Every few months I devote a day to discover what are the current trends in analytics. I do this both to refresh the slides in my presentation and to refresh my mind to see what I may have missed.
The amount of literature out there on analytics continues to blossom at an amazing rate, making it a true challenge to stay well versed on what’s hot and what’s not. I read a new analytics themed book about once a month and I have well over 200 blogs, web sites and social media groups cataloged. So I like to think I’m pretty well versed on what is current.
Every time I go to list the top 5 analytics trends, I find that some things change and some stay the same. Ever since I have been doing this, data visualization is near the top. Business dashboards continue to be a big need. Business intelligence tools evolve and new ones’ pop up, but Tableau continues to be a market leader. 90% of us still use Excel for 90% of our analytics work.
Still a lot has changed. When I started this just 5 years ago no one was really talking about Big Data or Data Science. People just stared discussing using predictive analytics and now its all about prescriptive, even though most of us are still just doing descriptive analytics. For the newbie, descriptive = historical, predictive = forecast models, and prescriptive = really complicated models with a lot of variables to not just predict the future but to show a lot of alternatives as well.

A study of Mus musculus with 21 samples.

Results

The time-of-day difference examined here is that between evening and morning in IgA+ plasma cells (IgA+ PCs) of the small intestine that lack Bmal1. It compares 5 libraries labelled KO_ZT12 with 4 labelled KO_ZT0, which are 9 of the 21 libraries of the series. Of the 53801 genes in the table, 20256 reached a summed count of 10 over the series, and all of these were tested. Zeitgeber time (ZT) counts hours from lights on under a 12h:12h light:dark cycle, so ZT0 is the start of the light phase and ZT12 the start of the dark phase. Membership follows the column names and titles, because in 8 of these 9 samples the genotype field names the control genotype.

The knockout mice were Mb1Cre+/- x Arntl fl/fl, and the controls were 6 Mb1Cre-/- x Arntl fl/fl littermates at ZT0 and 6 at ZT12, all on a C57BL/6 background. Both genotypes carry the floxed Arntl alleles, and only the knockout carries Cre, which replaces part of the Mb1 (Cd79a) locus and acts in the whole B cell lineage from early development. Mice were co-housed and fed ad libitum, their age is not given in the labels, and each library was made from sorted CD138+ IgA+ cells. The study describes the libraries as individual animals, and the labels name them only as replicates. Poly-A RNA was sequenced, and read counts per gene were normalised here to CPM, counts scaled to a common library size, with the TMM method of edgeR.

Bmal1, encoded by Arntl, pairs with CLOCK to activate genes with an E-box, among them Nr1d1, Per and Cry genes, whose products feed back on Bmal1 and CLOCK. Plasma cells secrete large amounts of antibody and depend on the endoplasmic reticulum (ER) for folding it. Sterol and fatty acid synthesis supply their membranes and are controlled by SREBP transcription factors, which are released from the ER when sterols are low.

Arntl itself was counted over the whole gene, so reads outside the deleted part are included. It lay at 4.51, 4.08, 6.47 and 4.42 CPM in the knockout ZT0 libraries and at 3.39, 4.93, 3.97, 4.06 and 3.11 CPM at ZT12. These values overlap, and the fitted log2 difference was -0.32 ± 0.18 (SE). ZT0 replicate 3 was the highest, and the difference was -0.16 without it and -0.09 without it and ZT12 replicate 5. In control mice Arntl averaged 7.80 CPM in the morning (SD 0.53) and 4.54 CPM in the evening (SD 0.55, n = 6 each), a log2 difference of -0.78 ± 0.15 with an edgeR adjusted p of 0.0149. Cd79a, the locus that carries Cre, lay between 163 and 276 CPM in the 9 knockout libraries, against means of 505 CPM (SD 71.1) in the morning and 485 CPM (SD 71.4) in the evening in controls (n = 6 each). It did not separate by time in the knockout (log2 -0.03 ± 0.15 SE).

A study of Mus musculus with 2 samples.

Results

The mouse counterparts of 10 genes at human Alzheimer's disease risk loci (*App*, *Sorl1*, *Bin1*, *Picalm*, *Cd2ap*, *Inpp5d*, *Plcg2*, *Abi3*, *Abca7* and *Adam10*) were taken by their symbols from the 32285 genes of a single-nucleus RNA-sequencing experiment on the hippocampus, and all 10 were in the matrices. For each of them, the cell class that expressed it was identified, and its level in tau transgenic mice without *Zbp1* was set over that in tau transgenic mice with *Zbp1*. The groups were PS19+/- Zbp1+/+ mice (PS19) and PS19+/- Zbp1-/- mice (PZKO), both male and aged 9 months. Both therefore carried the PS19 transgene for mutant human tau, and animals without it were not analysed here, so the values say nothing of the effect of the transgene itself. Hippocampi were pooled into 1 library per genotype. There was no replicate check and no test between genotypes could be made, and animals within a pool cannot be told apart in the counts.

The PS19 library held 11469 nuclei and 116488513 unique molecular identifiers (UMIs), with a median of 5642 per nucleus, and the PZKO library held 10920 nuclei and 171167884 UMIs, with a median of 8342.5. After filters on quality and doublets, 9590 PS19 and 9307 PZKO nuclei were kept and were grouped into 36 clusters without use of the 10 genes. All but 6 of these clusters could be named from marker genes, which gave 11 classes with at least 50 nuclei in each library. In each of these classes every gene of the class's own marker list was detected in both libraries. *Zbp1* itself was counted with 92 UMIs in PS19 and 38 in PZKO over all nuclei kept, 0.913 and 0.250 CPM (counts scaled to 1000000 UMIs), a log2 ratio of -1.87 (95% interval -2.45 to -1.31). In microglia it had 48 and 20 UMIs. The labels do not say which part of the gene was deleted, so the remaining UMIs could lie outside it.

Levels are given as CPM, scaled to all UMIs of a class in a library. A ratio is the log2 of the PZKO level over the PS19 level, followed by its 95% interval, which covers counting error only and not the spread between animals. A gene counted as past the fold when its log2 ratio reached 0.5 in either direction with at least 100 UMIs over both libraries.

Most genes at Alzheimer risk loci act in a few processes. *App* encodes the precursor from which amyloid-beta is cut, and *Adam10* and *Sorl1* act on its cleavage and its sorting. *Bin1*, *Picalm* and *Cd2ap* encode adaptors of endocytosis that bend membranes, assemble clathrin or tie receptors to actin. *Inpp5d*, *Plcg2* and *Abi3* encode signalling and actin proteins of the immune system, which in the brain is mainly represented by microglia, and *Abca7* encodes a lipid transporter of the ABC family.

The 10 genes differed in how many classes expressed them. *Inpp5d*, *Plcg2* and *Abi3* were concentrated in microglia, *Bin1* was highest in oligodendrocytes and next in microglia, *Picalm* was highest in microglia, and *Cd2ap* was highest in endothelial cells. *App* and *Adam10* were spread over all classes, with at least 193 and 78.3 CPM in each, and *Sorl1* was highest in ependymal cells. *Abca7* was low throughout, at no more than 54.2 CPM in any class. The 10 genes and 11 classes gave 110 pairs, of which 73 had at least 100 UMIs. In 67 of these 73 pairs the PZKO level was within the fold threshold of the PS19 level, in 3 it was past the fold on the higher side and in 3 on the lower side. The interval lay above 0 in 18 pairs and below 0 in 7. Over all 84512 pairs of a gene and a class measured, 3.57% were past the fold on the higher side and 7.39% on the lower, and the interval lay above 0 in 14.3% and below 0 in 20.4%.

Now if you talk to experts they make think nothing I have mentioned so far is new. But to the novice analyst or to the manager who really doesn’t care what’s it called, she just want’s results… its all new to them.
So I try each time to really find something really new not just to me but truly new to analytics. Six months ago that was the idea of using a data lake instead of a data warehouse. For those still unsure what a data warehouse is, it’s a collection of databases stored and/or connected centrally. Data lakes are used to describe the reality that more and more data is now unstructured data.
The discussion on what is unstructured data and how best to mine it and integrate it with structured data has really been at the forefront for a while now. Going from 80% structured to 90% unstructured in in just a few short years as mankind generates unprecedented amounts of data not easily captured in a database every day.
As of today, if I had to pick 5 topics to talk about it would be (1) Hiring Data Science and Analytics Talent, (2) Big Data Analytics, (3) Data Warehousing and Data Lakes, (4) Data Blending and (5) Mining Public Unstructured Data
Check back with me in a few weeks and this list will change.